One T. Rex for every 6×6 mile area

When you imagine the days when Tyrannosaurus Rex dinosaurs roamed the Earth, you probably think of them being everywhere. Walk a couple blocks, and a T. Rex would appear. RAWR!

A Berkeley study recently estimated that the population of T. Rexes was 20,000 adults at any given time. That sounds like a lot, but consider them spread out over all over the vast space of the North American continent. (Also, I learned that T. Rex dinosaurs were only in North America)

Considering this wide space, how far apart would each T. Rex be? The same Berkeley studied estimated the average population density was about one dinosaur for every 100 square kilometers. (38.6 square miles). That’s roughly 6 × 6 miles.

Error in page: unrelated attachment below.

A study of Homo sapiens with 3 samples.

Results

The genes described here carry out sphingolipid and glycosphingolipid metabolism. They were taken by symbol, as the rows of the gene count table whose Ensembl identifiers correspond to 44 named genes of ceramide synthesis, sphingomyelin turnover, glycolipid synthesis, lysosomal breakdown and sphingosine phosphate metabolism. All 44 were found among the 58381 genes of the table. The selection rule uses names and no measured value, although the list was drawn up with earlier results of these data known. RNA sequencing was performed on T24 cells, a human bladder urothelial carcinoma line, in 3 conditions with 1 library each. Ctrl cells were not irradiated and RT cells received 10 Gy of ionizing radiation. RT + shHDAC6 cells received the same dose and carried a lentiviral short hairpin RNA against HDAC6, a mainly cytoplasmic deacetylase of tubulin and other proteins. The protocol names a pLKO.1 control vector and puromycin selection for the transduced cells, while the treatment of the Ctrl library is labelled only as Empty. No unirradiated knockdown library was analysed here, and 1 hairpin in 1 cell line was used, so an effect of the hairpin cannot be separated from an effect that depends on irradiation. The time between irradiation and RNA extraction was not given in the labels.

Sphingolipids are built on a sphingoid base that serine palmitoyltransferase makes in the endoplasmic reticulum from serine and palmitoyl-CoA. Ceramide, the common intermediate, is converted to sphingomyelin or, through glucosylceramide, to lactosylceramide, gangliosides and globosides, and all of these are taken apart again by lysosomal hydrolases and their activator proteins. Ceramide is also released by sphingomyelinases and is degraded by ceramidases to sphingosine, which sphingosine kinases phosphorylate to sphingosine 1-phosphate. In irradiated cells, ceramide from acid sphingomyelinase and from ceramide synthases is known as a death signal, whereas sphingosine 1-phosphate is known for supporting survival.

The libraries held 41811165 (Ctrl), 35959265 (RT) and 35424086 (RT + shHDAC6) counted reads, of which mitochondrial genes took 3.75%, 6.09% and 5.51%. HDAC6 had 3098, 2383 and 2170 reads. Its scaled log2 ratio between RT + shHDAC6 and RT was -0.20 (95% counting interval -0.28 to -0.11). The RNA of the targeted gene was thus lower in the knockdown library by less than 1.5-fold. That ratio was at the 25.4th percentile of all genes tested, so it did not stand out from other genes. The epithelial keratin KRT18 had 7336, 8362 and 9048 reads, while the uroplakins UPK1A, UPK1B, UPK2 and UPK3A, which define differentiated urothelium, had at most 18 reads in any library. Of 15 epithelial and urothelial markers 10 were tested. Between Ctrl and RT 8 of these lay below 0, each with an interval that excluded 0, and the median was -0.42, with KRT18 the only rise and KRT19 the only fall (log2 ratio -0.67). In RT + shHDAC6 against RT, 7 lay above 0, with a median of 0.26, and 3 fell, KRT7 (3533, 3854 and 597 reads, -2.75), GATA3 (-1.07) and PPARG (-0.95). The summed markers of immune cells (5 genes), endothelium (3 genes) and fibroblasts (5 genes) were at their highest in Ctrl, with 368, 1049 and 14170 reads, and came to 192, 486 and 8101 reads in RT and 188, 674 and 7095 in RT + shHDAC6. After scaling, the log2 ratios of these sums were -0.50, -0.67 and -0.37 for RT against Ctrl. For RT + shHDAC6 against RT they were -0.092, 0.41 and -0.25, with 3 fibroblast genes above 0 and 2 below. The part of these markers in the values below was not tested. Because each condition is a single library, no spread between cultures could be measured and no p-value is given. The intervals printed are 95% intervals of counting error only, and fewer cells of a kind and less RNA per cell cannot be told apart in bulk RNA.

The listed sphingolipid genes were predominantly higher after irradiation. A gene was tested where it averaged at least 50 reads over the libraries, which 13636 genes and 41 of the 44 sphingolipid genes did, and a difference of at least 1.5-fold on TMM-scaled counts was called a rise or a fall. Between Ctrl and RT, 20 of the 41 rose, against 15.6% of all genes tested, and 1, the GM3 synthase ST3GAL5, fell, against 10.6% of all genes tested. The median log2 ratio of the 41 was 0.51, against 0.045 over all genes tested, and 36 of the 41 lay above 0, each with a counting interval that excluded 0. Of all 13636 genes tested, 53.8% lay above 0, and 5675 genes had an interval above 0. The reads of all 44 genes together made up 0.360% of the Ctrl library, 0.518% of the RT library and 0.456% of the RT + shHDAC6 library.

In Chicago that covers Madison to Foster, Lakeshore to Cicero (Google map).

T. Rex location in Chicago on map.
If I wanted to spend the time, I could develop a little webpage where you can put a 6×6-mile square anywhere on a Google Map. If the desire is there, I’ll make it.

That’s a large space for just one T Rex to roam! If the Nest app existed back then, you can imagine that people would always be posting T Rex sightings (much like how people today in the suburbs constantly use Nest to report coyote sightings).

If you happened to come across a T. Rex, don’t worry. Another recent study says because of their tail, the T. rex walked slower than a human. You could outrun a T. Rex simply by walking! If that’s true, the local T. Rex would become an amusing backdrop for social media selfies.